Theatre review: Everybody’s Talking About Jamie at The Lowry, Salford
- Credit: Matt Crockett
Everybody’s Talking About Jamie: A fabulous, feel-good, fun show that will have you leaping from your seat at the close
There’s not a lot to say about the stage musical Everybody’s Talking About Jamie, other than book your tickets now. The perfect show to pick you up after a fairly shocking year, this musical is by turns hilarious, heart-breaking and inspiring.
The storyline is already well-known, based as it is on a true story, that of Sheffield’s Jamie New, who simply wanted to reflect his inner, true self, and wear a dress to his school prom. In this re-telling, while the storyline remains true to the original, so much of what is said could apply to anybody who stands out a little from ‘the norm’, or who feels like they don’t fit – a square peg in an endless board of round holes.
The songs come from a collaboration between writer and lyricist Tom McRae and lead vocalist and principal songwriter for The Feeling, Dan Gillespie Sells. It’s a perfect coming together of storytelling and tunes, with a mix of heart-breaking solos and fabulous group numbers, all of which contribute as much to the tale as the spoken word does.
The entire show is off such a high calibre it’s hard to say who gave the standout performance. Layton Williams, who plays Jamie, is simply outstanding. By turns bold and subdued, fabulously witty and typically teenage, he owns the stage whenever he walks upon it. Shane Ritchie, who plays drag queen Loco Chanel, is just superb, in a role he clearly relishes.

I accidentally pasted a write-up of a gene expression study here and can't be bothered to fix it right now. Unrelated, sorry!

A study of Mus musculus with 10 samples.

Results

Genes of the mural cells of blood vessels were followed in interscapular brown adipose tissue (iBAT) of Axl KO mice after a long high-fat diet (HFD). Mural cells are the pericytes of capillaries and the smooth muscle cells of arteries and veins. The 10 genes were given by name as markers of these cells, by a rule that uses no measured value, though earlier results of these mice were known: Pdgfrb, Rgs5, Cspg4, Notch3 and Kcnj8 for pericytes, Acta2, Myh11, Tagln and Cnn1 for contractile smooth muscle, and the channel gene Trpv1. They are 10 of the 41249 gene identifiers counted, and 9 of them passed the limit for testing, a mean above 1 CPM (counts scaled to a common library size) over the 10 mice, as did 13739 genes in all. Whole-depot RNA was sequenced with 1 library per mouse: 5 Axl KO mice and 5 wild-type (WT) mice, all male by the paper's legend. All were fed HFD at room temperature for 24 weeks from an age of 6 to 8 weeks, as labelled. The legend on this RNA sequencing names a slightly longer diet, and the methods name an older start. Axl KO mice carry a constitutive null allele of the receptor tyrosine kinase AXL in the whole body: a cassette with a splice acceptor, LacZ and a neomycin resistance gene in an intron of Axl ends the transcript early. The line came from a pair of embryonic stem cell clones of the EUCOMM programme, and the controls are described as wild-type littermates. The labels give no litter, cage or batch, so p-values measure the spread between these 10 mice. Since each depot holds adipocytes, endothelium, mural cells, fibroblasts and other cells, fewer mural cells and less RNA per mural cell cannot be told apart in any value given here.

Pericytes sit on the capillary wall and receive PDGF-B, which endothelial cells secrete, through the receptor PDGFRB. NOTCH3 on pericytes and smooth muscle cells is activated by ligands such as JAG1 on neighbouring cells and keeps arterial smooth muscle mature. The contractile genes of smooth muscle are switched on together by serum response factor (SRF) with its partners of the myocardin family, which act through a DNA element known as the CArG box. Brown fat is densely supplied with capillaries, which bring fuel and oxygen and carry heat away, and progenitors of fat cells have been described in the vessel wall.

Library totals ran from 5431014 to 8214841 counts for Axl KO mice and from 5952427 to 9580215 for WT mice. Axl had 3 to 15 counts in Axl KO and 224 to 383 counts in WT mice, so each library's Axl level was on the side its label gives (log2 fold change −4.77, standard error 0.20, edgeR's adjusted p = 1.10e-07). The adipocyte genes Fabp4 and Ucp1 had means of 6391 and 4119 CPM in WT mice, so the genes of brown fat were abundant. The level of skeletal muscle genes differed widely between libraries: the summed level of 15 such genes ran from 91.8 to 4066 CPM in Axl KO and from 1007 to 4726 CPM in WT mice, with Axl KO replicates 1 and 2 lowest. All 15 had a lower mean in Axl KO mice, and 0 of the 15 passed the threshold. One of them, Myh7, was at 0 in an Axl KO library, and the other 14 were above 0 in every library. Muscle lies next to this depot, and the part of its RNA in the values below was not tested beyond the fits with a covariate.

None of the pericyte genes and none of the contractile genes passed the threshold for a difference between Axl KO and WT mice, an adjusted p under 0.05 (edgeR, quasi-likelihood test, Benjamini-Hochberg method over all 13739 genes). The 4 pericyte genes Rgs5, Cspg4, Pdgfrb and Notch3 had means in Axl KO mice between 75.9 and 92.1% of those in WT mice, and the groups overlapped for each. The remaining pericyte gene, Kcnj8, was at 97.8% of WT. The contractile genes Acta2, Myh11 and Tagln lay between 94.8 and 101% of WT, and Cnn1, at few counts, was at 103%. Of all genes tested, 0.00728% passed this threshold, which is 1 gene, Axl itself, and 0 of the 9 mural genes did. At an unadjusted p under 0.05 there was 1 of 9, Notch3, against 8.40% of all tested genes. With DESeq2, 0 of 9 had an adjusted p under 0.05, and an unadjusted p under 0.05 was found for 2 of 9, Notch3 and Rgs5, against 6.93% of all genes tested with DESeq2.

Shobna Gulati is marvellous in the role of Jamie’s mum’s best friend, Ray, and it is she who has the audience laughing most often, with one-liners that could be framed and sold, perfectly delivered. At one point she pauses, the audience holds its collective breath, and bam – there she goes: awesome. We could all do with a Ray in our lives. Margaret, Jamie’s mother, is more subdued; her role as a mother who simply wants the best for her son comes to a pinnacle in her soul-tearing solo, He’s My Boy, which reduced half the audience to sniffles and the rest to silent stoicism, until a roof-raising round of applause broke the spell she so beautifully cast.
Jamie’s best friend, Pritti Pasha, is also just wonderful – a young Muslim girl, initially shy and lacking in confidence, but who rises alongside Jamie to accept and celebrate herself and all her potential. And oh, what a voice!